Sanctions-Hit Huawei Ramps up Investment in Chinese Tech Sector

Saturday, 10 October, 2020 - 08:15
FILE PHOTO: A Huawei company logo is pictured at the Shenzhen International Airport in Shenzhen, Guangdong province, China, July 22, 2019. REUTERS/Aly Song/File Photo

Huawei Technologies has built up stakes in Chinese semiconductor companies and other tech businesses as the world’s largest telecoms equipment maker bolsters its supply chain in the face of pressure from the United States.


Habo Investments, set up by Huawei in April 2019, has closed 17 deals for stakes in Chinese tech companies since August last year, public records show.


The investment arm was established in response to what Huawei’s rotating chairman, Guo Ping, last week described as “suppression” by the United States after escalating restrictions that have cut off Huawei’s supplies of many overseas chips and effectively barred it from building its own.


“Since Huawei is only one company, we use investment and technology to help our supply chain partners become mature,” he said.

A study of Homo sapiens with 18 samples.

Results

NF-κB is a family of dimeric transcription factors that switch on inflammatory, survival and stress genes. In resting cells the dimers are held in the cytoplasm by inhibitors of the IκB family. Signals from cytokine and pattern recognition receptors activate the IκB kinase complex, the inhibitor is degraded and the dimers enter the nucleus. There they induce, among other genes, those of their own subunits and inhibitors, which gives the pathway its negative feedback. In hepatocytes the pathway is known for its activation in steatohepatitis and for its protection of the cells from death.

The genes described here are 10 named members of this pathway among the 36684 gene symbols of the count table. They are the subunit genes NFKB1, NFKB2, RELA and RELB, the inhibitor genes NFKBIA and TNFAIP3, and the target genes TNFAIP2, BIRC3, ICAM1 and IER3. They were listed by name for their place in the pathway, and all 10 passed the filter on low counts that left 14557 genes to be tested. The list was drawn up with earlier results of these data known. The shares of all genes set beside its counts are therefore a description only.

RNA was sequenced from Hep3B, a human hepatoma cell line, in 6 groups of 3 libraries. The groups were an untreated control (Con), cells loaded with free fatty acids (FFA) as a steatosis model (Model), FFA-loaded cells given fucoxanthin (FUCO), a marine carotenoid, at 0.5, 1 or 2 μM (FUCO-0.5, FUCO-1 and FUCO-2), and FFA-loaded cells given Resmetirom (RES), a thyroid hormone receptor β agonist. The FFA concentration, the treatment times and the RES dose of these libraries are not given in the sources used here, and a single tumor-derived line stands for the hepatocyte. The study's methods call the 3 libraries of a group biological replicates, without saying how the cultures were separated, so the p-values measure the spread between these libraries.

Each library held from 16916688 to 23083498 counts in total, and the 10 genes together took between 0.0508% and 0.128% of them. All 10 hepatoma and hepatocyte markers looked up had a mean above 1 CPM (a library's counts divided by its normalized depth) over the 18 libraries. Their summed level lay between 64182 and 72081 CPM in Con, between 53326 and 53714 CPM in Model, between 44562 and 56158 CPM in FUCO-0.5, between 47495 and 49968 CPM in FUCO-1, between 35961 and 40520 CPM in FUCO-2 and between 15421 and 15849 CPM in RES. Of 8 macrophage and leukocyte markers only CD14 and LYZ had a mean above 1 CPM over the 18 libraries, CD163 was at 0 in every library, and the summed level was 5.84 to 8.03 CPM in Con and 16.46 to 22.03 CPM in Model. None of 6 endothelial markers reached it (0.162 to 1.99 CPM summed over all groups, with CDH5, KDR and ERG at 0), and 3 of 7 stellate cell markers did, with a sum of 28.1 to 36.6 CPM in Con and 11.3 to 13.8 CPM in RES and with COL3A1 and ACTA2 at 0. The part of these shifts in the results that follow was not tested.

The company has emerged as a focal point in deteriorating U.S.-China relations with President Donald Trump’s administration alleging that its equipment could be used by Beijing for spying, which the Chinese company has denied repeatedly.


Huawei’s investment push also coincides with ramped-up government efforts to boost China’s semiconductor sector, which still lags behind leading chip producers including the United States, South Korea and Taiwan.


While the investments might help Huawei in the future, analysts say they have done little so far to address the supply chain gaps that are undermining its once-booming smartphone business and could eventually threaten its core network equipment operations.


“It will take a long time,” said one Chinese chip investor. “But they don’t have many good options, so they must turn to investing outside.”


Most of Habo Investment’s deals have been in chip-related Chinese start-ups, a few of which have become part of Huawei’s supply chain.


Vertilite, which was founded in 2015 and received an investment from Huawei this year, makes VCSEL sensors that support facial-recognition technology in cameras.


The company did not respond immediately to a request for comment, but one Vertilite investor said its sensors are used in a number of Huawei handsets.


However, many of the businesses Huawei has backed are at an early stage in their development, Reuters reported.


“Most of these companies are small, niche players who are good at what they do, but they are not necessarily globally competitive,” said Ivan Platonov, who tracks China’s chip sector at research company EqualOcean.